Treating Reflux in Babies with Diet

Treating Reflux in Babies with Diet

August 15, 2019 54 By William Morgan


“Treating Reflux in Babies with Diet” There has been a longstanding problem
among zookeepers of the gorilla. Latin name: Gorilla, gorilla gorilla. The problem is that they were
throwing up all the time. We’ve never seen wild gorillas barfing, but it had unfortunately been
accepted as routine by many zoos. What were they feeding them? Well, you know they’re
big strong animals, so they made sure to
feed them lots of protein, you know, cottage cheese,
meat, eggs, milk.; until a zoo in Germany
got this radical idea to try giving them their natural diet. And the change following the
alterations to the diet was astonishing. I mean before, the poor silverback
was regurgitating and vomiting during most of the day. But by the third day eating what
they were supposed to eat, he and the rest were
all miraculously cured. Even just removing milk from
captive gorilla diets led to significant improvement. Cow’s milk was historically
considered an essential item in the captive gorilla diet,
but they showed that removal of milk from the captive gorilla diet
may reduce such undesirable behaviors and may be a step toward better
approximating their natural diet. I mean giving an animal
milk after weaning? Giving an adult animal milk? Milk is for babies! And then giving milk from
a bovine to a primate? What were these crazy
zookeepers thinking? Doesn’t make any sense! Reminds me of this landmark study. Eighty-one children presenting with
reflux, gastroesophageal reflux disease, so they were given drugs,
and two thirds got better, but 27 kids still did not. So, they tried eliminating cow’s milk from their diets, and within
one month, all 27 were cured. Symptoms of acid regurgitation,
heartburn, or both, occur at least once a week in 10–20 percent
of adults in the western world. And in about up to 25
percent of all infants. Now it’s normal for babies
to spit up occasionally— that’s not what we’re talking about. It can actually get quite serious. Up to a quarter of infants present
with regurgitation severe enough for parents to seek medical help, and it may just be that they’re
sensitive to cow’s milk. The symptoms of cow’s milk protein
allergy overlap or may coexist or complicate GERD or reflux. Even if there’s no formal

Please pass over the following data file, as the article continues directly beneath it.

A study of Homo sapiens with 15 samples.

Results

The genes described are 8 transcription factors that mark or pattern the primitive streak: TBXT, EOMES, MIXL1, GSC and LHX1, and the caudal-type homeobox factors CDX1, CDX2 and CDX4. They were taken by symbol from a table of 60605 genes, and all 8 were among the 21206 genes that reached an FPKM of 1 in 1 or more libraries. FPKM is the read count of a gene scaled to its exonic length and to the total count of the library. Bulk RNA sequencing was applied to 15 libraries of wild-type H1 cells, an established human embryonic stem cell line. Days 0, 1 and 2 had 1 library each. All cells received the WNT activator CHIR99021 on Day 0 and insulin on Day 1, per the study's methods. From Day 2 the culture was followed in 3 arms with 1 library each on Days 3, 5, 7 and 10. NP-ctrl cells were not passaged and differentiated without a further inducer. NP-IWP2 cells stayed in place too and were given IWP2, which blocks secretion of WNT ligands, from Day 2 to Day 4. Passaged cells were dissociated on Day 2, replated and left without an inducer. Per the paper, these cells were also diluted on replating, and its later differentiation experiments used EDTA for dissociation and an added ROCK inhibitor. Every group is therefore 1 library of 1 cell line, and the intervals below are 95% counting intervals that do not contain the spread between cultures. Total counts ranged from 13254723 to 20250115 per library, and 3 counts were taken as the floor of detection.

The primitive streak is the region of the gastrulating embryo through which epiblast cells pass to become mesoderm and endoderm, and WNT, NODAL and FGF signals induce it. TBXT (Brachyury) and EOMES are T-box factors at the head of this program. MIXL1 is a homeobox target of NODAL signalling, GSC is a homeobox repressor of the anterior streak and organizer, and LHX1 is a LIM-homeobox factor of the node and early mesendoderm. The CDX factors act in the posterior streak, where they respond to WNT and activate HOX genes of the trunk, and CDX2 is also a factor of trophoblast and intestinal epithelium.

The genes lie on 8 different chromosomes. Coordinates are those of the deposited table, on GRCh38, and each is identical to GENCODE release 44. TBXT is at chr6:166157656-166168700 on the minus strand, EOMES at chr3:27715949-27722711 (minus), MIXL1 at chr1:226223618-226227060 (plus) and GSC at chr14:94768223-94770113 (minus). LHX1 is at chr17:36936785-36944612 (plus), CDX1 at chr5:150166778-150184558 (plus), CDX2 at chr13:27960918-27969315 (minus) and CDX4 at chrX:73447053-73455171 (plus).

dairy allergy per se, there appears to be some kind
of cow’s milk ‘hypersensitivity’ among many infants and
children with severe reflux. There are all sorts of
invasive tests you can do, like stick pH probes down
the poor baby’s throat, but probably the most practical test
in routine pediatric practice is just a trial of a cow’s milk
protein elimination diet for two to four weeks
in infants with reflux. The gold standard is what’s called an
elimination and re-challenge protocol, where you see full resolution of
symptoms via a strict elimination, followed by recurrence of the symptoms on reintroduction of cow’s milk protein. And when you do that, take 200 or
so infants diagnosed with reflux and then not only put them
on a cow’s milk-free diet, but then do the challenge tests. Eighty-five of the 204 infants with
reflux were actually suffering from a cow’s milk allergy or at least
hypersensitivity or something. What we think is happening is
that our immune system attacks the bovine proteins as
understandably foreign, triggering an inflammatory response, which like irritates the nerves
lining your digestive tract, and that results in abnormalities
in the rhythmic contractions of the stomach, triggering
the regurgitation. And we’re not just talking
about formula-fed infants. Cow’s milk protein allergy can occur
in exclusively breastfed infants, as intact cow’s milk proteins can
be secreted in breast milk. If the mom drinks milk or eats
eggs it can get into her baby. Cow’s milk protein and other foreign
proteins can pass into human breast milk. So breast-fed infants with regurgitation
and vomiting may therefore benefit from a trial of withdrawal of cow’s milk
and eggs from the maternal diet. And indeed, that is now the
consensus recommendation of both the North American and European
Society for Pediatric Gastroenterology, Hepatology,
and Nutrition. Anytime you see reflux, let’s
first try a therapeutic trial of either a cow’s milk protein–free
formula or, for infants who are breastfed, a maternal strict cow’s milk
protein elimination diet. And so, then we can potentially
treat the cause without using unnecessary medications,
and certainly before you start considering performing
any anti-reflux surgery on the poor kid.